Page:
Bringing a forgotten part of the city back to life, KAMPUS is a new neighbourhood by Capital & Centric and Henry Boot Developments located at the former Manchester Metropolitan University campus. The canal-side transformation is a celebration of the vibrancy and diversity of Manchester: a new cultural spot for the city complete with contemporary homes and independent shops, restaurants, bars and cafes.
Including two restored listed Victorian warehouses, two new residential buildings and a former 1960’s University tower, a ‘secret garden’ draws people into the heart of the scheme forming the perfect backdrop for afternoon and early evening social events. Manchester’s newest destination, KAMPUS opens its doors in 2021.
Sandy Brown was appointed to provide advice for the development of Kampus.
Important considerations were:
- Control of external noise ingress, including consideration to the proposed outdoor seating areas associated with the ground level commercial units.
- Airborne and impact sound insulation of internal elements such as walls, floors and doors to ensure that an appropriate level of acoustic separation is provided between spaces.
- The inclusion of acoustic finishes in key spaces to control reverberation time and reverberant noise build up.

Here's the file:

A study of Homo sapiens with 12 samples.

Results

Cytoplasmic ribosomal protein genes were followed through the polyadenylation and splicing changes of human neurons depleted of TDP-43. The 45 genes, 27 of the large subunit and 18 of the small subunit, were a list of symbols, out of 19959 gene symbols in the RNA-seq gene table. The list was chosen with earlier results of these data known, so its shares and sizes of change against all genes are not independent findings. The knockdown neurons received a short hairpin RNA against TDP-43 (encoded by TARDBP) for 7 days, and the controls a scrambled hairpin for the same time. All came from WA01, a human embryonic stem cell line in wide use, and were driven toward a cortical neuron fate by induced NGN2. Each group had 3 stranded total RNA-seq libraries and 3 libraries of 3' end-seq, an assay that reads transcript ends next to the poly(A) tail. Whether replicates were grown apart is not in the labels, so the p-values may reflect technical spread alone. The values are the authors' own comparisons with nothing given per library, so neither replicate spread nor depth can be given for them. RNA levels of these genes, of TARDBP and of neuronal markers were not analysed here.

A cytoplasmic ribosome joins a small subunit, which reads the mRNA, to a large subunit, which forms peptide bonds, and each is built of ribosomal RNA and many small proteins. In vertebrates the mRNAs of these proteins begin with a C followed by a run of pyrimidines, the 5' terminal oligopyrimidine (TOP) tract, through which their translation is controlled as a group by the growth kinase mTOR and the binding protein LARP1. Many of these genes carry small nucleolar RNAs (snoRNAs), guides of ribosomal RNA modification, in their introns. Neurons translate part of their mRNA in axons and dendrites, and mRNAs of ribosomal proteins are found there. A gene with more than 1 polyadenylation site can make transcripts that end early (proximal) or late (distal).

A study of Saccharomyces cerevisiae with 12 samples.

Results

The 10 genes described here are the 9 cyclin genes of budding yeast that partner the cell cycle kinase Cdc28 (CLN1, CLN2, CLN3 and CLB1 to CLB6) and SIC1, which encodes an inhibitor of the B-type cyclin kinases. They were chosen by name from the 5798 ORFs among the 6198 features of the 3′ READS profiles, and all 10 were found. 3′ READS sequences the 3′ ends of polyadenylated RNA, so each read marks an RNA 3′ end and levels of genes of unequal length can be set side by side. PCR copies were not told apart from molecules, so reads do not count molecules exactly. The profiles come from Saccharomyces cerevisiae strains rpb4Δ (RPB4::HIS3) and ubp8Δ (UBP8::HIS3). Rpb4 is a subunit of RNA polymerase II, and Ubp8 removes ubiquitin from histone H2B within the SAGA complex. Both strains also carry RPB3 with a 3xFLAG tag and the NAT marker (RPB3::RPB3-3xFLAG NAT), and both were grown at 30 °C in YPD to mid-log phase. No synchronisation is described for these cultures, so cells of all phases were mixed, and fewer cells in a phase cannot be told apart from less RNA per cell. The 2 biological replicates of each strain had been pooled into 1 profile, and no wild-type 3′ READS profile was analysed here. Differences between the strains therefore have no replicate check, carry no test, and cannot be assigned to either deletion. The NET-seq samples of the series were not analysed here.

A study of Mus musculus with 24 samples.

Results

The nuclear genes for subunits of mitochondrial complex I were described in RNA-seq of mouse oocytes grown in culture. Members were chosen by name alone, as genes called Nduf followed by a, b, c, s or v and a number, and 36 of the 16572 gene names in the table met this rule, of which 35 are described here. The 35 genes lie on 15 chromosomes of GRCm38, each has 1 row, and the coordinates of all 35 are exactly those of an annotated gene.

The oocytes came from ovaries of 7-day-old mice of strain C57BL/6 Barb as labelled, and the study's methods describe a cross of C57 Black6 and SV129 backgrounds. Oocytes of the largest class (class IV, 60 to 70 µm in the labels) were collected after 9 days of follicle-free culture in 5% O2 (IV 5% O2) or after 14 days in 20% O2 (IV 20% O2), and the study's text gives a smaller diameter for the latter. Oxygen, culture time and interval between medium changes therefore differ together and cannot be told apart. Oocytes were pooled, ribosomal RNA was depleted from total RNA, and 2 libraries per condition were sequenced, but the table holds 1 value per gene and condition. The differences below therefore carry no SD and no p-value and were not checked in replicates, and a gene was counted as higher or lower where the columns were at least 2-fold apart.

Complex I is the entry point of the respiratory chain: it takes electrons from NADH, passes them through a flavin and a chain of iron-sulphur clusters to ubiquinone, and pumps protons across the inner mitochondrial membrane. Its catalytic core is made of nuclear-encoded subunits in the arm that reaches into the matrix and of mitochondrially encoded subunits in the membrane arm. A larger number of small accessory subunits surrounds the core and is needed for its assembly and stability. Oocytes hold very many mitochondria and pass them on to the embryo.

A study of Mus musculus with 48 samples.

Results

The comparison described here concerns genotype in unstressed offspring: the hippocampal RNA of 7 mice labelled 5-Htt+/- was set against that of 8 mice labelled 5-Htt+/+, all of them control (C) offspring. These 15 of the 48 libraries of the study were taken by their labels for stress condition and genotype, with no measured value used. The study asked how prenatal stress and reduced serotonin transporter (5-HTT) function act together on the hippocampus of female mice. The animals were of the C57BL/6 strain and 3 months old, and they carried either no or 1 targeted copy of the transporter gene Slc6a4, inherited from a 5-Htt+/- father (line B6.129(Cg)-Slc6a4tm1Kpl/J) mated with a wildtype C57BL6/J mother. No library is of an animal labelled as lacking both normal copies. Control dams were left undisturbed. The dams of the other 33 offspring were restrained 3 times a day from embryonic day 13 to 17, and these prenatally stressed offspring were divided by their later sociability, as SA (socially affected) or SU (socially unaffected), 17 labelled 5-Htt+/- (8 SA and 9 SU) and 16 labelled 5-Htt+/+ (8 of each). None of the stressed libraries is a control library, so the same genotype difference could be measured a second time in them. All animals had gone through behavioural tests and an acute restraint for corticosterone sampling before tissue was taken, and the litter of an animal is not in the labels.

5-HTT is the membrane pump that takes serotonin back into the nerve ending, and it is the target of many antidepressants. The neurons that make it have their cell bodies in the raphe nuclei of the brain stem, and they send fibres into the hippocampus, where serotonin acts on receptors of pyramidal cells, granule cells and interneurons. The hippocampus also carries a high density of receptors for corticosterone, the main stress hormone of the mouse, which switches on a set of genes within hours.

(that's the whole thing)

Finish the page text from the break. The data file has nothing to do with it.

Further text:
- Control of noise and vibration from building services both internally and externally.
- Operational noise levels from retail and leisure units.
Special Acoustic Features
Given the busy central location of the site, a comprehensive environmental noise survey and assessment was required as part of the planning process to quantify noise from nearby roads, bars and clubs.
A detailed 3D environmental noise model of the existing site and surrounding area was created. The proposed buildings were then modelled to allow the facade sound insulation for all five buildings to be assessed, taking into account the screening they provided from the surrounding roads.
We worked with the design team to incorporate existing elements in the two listed buildings. This allows a more efficient use of space and allows high performance sound insulating floors between ground floor commercial spaces and first floor residential spaces to be created. The ground floor commercial spaces therefore have more operational flexibility where noise is generated.